We’re Doing a Lousy Job of Getting Poor Kids to College

Lauren Williams's picture

For low-income students in the United States, the college math is bleak: only one-third of kids from families at or below the poverty line attend college, and even fewer graduate. The Department of Education has committed to improving those numbers, but a new report casts serious doubt on the effectiveness of the government’s efforts.

The federal government has four major college prep programs for disadvantaged students: Upward Bound, Talent Search, Upward Bound Math-Science and Student Support Services, collectively known as TRIO. In a policy brief published this week in the journal The Future of Children, researchers from Princeton University and the Brookings Institution synthesized evaluations of each program and found them all “ineffective,” with no impact on getting low-income students to and through college.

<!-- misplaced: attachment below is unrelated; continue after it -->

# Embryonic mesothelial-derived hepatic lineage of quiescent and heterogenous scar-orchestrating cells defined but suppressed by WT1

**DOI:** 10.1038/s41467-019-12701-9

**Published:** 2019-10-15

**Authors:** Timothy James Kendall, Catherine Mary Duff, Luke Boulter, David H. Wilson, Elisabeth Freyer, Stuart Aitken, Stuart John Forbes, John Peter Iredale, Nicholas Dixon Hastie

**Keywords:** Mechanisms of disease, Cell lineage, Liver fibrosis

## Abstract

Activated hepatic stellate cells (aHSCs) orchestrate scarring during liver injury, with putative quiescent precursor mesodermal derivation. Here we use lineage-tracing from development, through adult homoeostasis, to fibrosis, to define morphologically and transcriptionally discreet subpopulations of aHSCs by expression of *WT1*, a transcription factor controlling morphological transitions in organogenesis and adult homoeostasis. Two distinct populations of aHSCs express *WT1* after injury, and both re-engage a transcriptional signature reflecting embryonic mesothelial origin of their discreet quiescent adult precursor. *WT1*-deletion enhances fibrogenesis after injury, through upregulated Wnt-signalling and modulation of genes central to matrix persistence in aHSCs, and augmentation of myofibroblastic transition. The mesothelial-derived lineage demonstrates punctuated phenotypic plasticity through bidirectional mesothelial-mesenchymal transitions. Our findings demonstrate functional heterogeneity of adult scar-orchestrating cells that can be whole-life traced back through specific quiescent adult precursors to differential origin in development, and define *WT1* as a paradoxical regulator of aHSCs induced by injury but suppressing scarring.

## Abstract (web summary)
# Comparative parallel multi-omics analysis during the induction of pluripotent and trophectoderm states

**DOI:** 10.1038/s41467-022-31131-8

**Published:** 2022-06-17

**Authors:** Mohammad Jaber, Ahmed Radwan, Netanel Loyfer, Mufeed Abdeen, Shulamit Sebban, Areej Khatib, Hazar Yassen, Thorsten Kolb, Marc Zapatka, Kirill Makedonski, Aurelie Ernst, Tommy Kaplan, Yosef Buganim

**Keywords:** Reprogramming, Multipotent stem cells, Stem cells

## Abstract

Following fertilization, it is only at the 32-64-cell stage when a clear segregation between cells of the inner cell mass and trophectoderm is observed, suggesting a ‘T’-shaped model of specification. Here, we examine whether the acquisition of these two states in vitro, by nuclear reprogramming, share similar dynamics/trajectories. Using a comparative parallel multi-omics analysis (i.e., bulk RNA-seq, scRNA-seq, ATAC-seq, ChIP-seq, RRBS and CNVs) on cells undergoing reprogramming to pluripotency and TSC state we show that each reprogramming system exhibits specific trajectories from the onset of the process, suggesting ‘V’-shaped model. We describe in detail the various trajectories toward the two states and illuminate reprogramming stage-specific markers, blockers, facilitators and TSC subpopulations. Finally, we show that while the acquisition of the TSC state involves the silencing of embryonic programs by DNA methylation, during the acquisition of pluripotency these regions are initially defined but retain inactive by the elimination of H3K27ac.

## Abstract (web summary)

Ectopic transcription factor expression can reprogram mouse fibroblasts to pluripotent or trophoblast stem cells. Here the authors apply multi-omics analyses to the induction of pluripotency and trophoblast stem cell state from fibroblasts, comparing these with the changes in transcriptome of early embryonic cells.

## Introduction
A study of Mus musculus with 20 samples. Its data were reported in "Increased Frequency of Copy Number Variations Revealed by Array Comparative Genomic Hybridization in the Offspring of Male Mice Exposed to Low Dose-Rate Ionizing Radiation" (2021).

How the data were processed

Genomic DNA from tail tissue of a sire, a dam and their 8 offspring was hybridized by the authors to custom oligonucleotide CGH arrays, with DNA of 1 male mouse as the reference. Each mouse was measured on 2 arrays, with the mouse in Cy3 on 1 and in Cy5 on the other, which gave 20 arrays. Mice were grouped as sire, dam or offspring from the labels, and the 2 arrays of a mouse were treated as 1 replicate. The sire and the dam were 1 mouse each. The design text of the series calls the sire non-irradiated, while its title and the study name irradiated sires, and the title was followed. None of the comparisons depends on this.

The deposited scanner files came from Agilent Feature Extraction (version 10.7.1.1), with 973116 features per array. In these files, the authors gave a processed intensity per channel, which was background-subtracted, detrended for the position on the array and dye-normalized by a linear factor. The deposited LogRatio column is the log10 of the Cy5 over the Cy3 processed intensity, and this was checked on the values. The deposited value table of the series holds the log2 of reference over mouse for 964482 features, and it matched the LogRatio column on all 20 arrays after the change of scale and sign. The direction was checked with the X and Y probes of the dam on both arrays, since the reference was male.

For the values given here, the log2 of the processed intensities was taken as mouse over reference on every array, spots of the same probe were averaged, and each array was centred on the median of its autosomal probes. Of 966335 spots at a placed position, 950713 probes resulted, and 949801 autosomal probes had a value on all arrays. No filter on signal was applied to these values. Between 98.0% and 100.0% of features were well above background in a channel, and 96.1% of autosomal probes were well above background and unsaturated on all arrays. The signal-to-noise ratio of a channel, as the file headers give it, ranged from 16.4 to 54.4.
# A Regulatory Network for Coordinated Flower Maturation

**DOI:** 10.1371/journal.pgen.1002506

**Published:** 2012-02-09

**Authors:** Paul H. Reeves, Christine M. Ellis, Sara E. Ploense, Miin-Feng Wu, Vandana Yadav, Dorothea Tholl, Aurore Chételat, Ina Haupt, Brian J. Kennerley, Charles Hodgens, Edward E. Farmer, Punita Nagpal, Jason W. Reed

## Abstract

One study cited in the report tracked a random group of 1,500 students assigned to participate Upward Bound and a randomly selected control group of 1,300 students over 13 years. When Mathematica Policy Research ended the study in 2004, they found Upward Bound had “no detectable effect” on whether students enrolled in college, the type of institution they applied to, or whether or not they applied for financial aid. “We should be able to detect some change if we look at the students and say, what would have happened had we not had the programs?” said Cecilia Elena Rouse, co-author of the policy brief and dean of Princeton’s Woodrow Wilson School of Public and International Affairs.